Kansas ATV Association

Kansas ATV Association Expands Land Use for Kansas ATVers











One of the major battles that most ATV state associations have in common is the struggle to increase the amount of land where members can ride. The Kansas All-Terrain Vehicle Association (KATVA) has a proven record in being successful in expanding the amount of land its members use throughout the State of Kansas.

The KATVA was founded in December 1988. The mission is to protect the rights of riders and to promote riding as family fun with safety as priority one.

Right from the beginning, the group was involved in expanding land use for ATV recreation. When the organization was formed, board member Roger Harmon discovered an area at Pomona Lake, Kansas that was a Corps Of Engineers project. It was designated for motorcycle riding, but it had never opened. “Roger and others put in many years of hard work to open the area,” explained Tim Paulsen, president of KATVA. “The first attempt was to make Pomona a public ride area with KATVA providing the labor and materials. The Corps said no due to liability issues. After many letters to the Corps and elected officials, plus considerable negotiations, the Corps then proposed that the KATVA provide insurance and lease the property. In June 1990, the KATVA signed a five-year lease on 57 acres for a ‘private club’ riding area. This was a first in Kansas. We would later purchase approximately 60 additional acres.”

The members of the Board of Directors of the KATVA are not just a bunch of people who meet once or twice a month to talk about their ATV prowess. They get involved. “Over the years, we have had many different board members and active club members,” explained Paulsen. “These members have always stepped up to the plate and handled any political issue at hand. Simply put, if we have an issue whether it is a safety issue, insurance issue, or a lobbying issue pertaining to a new ride area in this state or even in adjoining states, we are quick to offer support of worthwhile projects. We attend meetings and support projects while keeping safety in mind. We are a very top-notch professional organization that wants to promote the expansion of this sport. We have been doing this for the last 20 years with a proven track record.”

Unlike other organizations that serve as an advocate of a particular group, the KATVA does not employ a professional lobbyist. Instead it relies on its members to do the lobbying. The reason, explained Paulsen, is to allow new members to get involved and to be comfortable about presenting their own opinions. “I think it keeps the club proactive,” said Paulsen. “For instance, we will have several openings on the board this year. These new board members will lobby the issues at hand as relayed to them by fellow club members or requested from other clubs and organizations. We use the talent within the club to lobby the issues.”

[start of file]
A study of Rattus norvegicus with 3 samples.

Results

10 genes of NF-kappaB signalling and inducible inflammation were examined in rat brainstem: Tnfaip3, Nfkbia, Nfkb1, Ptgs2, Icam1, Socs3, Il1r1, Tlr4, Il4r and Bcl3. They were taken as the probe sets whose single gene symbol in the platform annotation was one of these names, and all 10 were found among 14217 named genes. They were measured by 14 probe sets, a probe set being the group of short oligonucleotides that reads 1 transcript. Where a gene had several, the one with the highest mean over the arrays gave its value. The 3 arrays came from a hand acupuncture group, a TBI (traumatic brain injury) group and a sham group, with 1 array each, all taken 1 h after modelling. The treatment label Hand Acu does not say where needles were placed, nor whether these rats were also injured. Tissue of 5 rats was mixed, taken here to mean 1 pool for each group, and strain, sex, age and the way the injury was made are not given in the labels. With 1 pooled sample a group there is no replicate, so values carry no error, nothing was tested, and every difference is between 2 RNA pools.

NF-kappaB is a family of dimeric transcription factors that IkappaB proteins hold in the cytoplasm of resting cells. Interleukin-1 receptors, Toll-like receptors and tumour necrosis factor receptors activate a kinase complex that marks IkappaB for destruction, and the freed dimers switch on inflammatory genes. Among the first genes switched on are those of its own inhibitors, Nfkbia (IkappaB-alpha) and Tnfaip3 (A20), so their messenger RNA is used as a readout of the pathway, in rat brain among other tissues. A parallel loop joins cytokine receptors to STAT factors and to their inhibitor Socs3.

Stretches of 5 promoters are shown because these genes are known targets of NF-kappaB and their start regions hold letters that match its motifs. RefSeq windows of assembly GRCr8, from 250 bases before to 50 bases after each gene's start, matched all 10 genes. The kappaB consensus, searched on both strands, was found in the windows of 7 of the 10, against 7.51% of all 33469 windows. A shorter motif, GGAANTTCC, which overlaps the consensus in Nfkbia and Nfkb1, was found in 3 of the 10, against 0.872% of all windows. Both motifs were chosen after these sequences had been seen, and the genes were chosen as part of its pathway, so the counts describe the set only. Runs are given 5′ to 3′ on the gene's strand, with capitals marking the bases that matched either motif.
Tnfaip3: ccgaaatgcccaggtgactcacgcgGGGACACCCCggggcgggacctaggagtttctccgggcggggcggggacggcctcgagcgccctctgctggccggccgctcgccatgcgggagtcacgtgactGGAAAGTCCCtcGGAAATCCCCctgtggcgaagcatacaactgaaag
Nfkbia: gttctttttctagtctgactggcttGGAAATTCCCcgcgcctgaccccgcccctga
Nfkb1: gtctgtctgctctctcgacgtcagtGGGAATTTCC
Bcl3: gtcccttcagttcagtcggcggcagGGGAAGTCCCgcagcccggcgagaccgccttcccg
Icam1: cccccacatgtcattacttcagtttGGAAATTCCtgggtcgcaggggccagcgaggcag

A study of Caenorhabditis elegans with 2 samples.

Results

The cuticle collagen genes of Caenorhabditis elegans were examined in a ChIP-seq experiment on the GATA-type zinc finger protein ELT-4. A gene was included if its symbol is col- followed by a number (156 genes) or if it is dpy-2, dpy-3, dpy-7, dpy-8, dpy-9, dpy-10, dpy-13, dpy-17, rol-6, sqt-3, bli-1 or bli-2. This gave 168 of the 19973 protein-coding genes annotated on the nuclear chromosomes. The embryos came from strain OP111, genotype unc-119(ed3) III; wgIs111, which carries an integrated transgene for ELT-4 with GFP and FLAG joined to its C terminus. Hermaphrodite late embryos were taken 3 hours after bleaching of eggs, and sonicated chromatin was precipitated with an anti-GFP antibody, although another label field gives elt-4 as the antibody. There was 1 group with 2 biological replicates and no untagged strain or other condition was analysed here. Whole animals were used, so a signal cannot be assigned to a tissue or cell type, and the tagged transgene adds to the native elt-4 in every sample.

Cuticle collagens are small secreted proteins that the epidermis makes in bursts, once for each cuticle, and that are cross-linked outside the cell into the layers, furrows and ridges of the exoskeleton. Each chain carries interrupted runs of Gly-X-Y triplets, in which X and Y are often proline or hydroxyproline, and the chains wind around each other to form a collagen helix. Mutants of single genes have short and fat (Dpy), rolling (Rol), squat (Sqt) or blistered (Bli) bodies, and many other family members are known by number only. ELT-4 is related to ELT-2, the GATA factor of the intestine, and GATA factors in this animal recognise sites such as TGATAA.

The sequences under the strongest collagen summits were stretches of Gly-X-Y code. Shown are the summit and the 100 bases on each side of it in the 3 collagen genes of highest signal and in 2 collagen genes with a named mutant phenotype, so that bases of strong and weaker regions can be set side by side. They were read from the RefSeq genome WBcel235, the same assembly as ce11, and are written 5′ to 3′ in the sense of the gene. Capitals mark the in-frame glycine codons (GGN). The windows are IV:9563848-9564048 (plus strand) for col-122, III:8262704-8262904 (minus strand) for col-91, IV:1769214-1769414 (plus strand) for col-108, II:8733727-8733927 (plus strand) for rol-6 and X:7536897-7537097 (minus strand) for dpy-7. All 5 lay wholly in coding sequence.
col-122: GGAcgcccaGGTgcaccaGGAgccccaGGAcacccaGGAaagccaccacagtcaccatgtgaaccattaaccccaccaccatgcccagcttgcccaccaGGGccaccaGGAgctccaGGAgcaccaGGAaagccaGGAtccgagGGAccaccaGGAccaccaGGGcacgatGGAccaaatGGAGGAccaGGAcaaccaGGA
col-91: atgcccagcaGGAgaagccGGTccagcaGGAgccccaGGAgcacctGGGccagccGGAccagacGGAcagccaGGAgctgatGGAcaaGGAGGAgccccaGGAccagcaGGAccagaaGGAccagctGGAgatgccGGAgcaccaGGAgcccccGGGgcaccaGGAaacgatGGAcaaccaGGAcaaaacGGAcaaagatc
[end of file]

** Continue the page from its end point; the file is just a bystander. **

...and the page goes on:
It is the grass roots members who lobby the local towns and counties, continued Paulsen. And with the local authorities the most important issue is safety. For example, Paulsen recently attended preliminary meetings for a future ride area and praised the layout of a kids’ track that fenced in a part of the track. This provided a secure area for kids to learn the sport and to be protected from larger machines while honing basic safety and riding skills. “We have found that it is little things like this that makes a ride area safe,” said Paulsen.

Members also participate in work days and help put on club functions. The work days consist of maintaining 115 acres of land that serve as a riding area as well as another 15 to 20 miles of trails.

The organization also helps to promote the sport of ATV recreation riding by consolidating its events with other clubs’ events. Moreover, the club uses ATVs as support vehicles for mountain bike races. If someone gets a flat or is in need of medical attention, then they receive help from people who get there on ATVs. It also travels to a variety of out-of-state areas like Taylor Reservoir in Colorado. It promotes flat track racing too. “Once a year we have TT and Oval races at a local fair ground,” said Paulsen. “We have done this for a number of years and have between 80 to 150 racers and 4,000 spectators.” The races are held for a variety of age groups.

Currently the KATVA has more than 100 members. Benefits of being a member include access to private land for riding 24 hours a day, seven days a week, 365 days a year. The club also has access to camping slots with electric hook ups and great riding opportunities for children in an environment that allows their parents to carefully watch them. There are also pot luck dinners at the club rides, and everyone is assured that they can ride with someone whenever they go out. Programs for members include ATV Safety Institute training courses on their own riding area.

According to Paulsen, the most urgent issue for ATV enthusiasts in Kansas is keeping trails open. Kansas has recently allowed a new ride area to open in Syracuse, Kansas.

The organization has a website (www.katva.org). The site includes a forum; the association’s newsletter, which can be downloaded; a way to contact members of the Board of Directors; information on ride areas; pictures; a calendar of events; membership information; links to OHV related businesses’ websites; and you can buy a KATVA T-shirt at the site. Log on for more information.